Brands, Medical Use, Clinical Data
- Hypoglycemic Agents
Brands / Synonyms
Adiaben; Apo-Chlorpropamide; Asucrol; Catanil; Chlorodiabina; Chloronase; Chloropropamide; Chlorpropamid; Chlorpropamide Bp/ Usp; Clorpropamide; Diabaril; Diabechlor; Diabenal; Diabenese; Diabeneza; Diabet-Pages; Diabetoral; Diabinese; Diamel Ex; Dynalase; Glisema; Glucamide; Hexathane; Insulase; Meldian; Melitase; Mellinese; Millinese; Novo-Propamide; Oradian; Stabinol
For managing hyperglycemia in Non-insulin-dependent diabetes mellitus (NIDDM).
Chlorpropamide, a second-generation sulfonylurea antidiabetic agent, is used with diet to lower blood glucose levels in patients with diabetes mellitus type II. Chlorpropamide is twice as potent as the related second-generation agent glipizide.
Mechanism of Action
Sulfonylureas such as Chlorpropamide likely bind to ATP-sensitive potassium-channel receptors on the pancreatic cell surface, reducing potassium conductance and causing depolarization of the membrane. Depolarization stimulates calcium ion influx through voltage-sensitive calcium channels, raising intracellular concentrations of calcium ions, which induces the secretion, or exocytosis, of insulin.
IPN-RAT LD50 580 mg/kg
Biotrnasformation / Drug Metabolism
DIABINESE is contraindicated in patients with:
1. Known hypersensitivity to the drug.
2. Diabetic ketoacidosis, with or without coma. This condition should be treated with insulin.
The hypoglycemic action of sulfonylurea may be potentiated by certain drugs including nonsteroidal
anti-inflammatory agents and other drugs that are highly protein bound, salicylates, sulfonamides, chloramphenicol,
probenecid, coumarins, monoamine oxidase inhibitors, and beta adrenergic blocking agents. When such drugs are
administered to a patient receiving DIABINESE, the patient should be observed closely for hypoglycemia. When such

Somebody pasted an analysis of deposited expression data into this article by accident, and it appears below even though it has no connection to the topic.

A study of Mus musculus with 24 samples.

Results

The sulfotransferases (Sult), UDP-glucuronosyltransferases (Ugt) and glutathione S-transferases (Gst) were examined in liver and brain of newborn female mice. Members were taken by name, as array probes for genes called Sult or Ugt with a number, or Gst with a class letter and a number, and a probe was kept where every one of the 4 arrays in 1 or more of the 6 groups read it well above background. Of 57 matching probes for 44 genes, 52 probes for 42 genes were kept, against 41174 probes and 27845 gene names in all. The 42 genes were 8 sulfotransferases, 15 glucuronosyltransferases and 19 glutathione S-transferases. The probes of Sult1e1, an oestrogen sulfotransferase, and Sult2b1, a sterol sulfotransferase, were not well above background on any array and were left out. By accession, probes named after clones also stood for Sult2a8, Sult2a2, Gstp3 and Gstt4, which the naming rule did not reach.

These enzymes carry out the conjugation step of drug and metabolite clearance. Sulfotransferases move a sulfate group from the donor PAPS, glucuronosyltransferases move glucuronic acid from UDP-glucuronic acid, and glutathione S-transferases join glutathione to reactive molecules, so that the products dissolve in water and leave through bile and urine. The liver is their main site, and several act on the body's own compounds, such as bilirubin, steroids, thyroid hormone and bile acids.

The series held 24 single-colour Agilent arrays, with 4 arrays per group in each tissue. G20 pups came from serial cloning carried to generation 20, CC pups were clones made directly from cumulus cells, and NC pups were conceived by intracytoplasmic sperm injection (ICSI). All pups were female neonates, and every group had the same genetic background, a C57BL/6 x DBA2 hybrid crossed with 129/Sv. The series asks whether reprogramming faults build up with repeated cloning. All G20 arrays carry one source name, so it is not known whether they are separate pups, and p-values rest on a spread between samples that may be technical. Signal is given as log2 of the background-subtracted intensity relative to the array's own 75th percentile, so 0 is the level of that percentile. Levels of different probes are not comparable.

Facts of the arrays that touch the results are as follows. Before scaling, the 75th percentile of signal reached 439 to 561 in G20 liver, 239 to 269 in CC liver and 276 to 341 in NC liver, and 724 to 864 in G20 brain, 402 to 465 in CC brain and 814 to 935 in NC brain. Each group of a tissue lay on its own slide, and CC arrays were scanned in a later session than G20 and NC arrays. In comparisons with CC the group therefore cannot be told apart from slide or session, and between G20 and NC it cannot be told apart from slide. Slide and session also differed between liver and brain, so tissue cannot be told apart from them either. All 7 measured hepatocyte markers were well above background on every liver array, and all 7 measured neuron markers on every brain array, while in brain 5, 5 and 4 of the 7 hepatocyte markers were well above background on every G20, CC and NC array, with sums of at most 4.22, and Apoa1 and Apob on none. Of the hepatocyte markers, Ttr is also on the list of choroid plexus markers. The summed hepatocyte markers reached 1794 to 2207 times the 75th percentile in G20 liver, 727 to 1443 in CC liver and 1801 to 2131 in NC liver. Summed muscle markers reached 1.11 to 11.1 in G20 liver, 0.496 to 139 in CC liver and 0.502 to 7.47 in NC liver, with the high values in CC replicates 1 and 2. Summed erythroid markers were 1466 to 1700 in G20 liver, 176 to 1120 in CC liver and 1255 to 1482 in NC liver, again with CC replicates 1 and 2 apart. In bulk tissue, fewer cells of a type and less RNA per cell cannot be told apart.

drugs are withdrawn from a patient receiving DIABINESE, the patient should be observed closely for loss of
Certain drugs tend to produce hyperglycemia and may lead to loss of control. These drugs include the
thiazides and other diuretics, corticosteroids, phenothiazines, thyroid products, estrogens, oral contraceptives,
phenytoin, nicotinic acid, sympathomimetics, calcium channel blocking drugs, and isoniazid. When such drugs are
administered to a patient receiving DIABINESE, the patient should be closely observed for loss of control. When such
drugs are withdrawn from a patient receiving DIABINESE, the patient should be observed closely for hypoglycemia.
Since animal studies suggest that the action of barbiturates may be prolonged by therapy with
chlorpropamide, barbiturates should be employed with caution. In some patients, a disulfiram-like reaction may be
produced by the ingestion of alcohol.
A potential interaction between oral miconazole and oral hypoglycemic agents leading to severe
hypoglycemia has been reported. Whether this interaction also occurs with the intravenous, topical, or vaginal
preparations of miconazole is not known.